It is said that the upper management of First Republic Bank sold shares of stock worth millions of dollars before the bank came close to failing.
Last week, the stock price of First Republic Bank (FRB), based in San Francisco, began to decline before drastically falling by 73% between March 8 and March 13, as the federal government assumed control of two insolvent banks, one in California and the other in New York. On Thursday, a consortium of banks promised to inject $30 billion in deposits into FRB in an effort to stabilize it due to its customers withdrawing their funds.
On Friday morning, FRB's stock price kept dropping, even though a rescue agreement had been formed the day before. The stock dropped to under $26, a decrease of more than 80%. According to The Wall Street Journal, the bank's executives had sold shares amounting to almost $12 million in the months prior to the plunge.
In the months preceding the March near-failure, executives unloaded stock in the bank. During the first part of the year, Executive Chairman James Herbert II disposed of $4.5 million in shares. Additionally, three other senior executives – FRB's chief credit officer, president of private wealth management, and chief executive – sold off a total of $7 million worth of stock. According to the Wall Street Journal, the stock was sold at an average rate of $130 per share.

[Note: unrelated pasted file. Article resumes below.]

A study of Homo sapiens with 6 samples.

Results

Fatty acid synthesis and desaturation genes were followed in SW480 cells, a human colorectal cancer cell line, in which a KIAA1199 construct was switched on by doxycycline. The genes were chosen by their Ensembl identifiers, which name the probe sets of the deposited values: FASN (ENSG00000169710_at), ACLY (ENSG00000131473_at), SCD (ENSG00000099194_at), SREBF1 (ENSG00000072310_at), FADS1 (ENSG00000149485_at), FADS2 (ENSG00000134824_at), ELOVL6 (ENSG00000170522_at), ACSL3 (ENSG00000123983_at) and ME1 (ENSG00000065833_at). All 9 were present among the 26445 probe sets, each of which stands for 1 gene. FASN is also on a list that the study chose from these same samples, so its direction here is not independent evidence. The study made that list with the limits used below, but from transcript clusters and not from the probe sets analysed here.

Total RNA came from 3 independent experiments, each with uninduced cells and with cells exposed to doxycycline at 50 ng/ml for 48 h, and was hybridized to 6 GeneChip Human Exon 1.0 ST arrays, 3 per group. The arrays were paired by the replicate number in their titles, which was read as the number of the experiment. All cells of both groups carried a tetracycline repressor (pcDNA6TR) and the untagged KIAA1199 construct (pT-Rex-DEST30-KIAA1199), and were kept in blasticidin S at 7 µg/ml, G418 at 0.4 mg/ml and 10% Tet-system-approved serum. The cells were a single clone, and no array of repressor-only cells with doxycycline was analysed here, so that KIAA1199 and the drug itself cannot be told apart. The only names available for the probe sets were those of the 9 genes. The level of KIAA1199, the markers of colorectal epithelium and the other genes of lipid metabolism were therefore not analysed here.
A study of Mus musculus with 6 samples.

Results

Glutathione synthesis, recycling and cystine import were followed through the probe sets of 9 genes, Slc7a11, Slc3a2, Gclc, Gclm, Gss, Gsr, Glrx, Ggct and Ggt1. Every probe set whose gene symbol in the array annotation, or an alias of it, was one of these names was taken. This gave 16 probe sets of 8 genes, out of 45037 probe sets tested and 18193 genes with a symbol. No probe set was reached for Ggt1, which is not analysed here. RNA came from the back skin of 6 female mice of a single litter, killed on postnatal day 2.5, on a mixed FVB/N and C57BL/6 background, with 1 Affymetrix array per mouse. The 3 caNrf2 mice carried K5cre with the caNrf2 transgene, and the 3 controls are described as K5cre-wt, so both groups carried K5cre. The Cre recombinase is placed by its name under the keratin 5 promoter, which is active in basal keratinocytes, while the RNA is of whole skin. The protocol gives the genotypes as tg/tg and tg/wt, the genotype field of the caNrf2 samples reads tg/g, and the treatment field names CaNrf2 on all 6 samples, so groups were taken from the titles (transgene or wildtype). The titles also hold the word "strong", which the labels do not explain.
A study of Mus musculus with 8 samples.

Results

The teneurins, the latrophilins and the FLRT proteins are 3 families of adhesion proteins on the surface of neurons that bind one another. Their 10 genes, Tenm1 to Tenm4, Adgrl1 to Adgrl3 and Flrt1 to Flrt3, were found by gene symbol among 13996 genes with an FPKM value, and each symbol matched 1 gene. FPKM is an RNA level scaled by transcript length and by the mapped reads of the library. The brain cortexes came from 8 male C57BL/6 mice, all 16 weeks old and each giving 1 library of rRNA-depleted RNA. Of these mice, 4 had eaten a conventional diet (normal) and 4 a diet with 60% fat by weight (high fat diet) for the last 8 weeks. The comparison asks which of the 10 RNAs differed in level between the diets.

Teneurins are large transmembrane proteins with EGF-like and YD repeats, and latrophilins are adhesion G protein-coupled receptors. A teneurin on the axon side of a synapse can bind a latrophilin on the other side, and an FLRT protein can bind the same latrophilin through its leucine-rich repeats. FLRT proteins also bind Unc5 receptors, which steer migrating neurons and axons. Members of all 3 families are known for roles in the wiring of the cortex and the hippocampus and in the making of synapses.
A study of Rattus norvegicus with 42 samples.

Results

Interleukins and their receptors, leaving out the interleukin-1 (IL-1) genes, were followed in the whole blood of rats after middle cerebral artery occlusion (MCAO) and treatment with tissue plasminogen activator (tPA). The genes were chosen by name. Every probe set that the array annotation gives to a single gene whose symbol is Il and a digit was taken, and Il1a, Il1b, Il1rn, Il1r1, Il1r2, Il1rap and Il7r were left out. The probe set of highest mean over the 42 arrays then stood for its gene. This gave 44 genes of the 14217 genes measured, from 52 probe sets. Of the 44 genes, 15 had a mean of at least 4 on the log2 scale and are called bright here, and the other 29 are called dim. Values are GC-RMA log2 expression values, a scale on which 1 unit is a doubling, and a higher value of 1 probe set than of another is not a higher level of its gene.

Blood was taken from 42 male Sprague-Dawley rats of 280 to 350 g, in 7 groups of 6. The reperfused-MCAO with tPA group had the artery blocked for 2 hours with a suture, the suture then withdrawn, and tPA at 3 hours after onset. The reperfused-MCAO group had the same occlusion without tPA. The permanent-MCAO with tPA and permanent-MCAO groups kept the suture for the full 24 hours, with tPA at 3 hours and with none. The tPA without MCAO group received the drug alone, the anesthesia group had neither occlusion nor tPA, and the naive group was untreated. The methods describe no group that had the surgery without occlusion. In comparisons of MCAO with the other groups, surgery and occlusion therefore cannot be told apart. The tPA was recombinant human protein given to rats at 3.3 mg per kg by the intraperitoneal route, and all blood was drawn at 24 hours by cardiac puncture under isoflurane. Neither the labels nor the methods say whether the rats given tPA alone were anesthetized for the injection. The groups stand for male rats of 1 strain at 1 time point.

Banks are exempt from the insider trading regulations that most other companies must comply with. They are not required to disclose insider trades and sales to the Securities and Exchange Commission, which is where investors usually look for clues about a company's well-being. Instead, FRB reports these sales to the Federal Deposit Insurance Corporation. According to the Wall Street Journal, FRB is the only company in the S&P 500 index that does not make these disclosures to the SEC as of Wednesday.
Before SVB—which was taken over by federal regulators a few weeks ago due to its collapse from customers pulling out their money—there was a similar sell-off. The DOJ and SEC are said to have started an inquiry into the fall of SVB.
Greg Becker, CEO of SVB Financial, and CFO Daniel Beck both made use of their stock options and unloaded a substantial amount of shares the week preceding SVB's fall. Becker sold 12,451 shares on Feb 27, netting around $2.3 million. Beck disposed of nearly a third of his stocks, garnering roughly $575,000 on the same day. The transactions had been part of the plans declared thirty days prior.
Prior to its failure last week, SVB was the 16th largest banking institution in the U.S., with a total of $175 billion in customer deposits. More than 90% of these deposits exceeded the FDIC's $250,000 protection limit.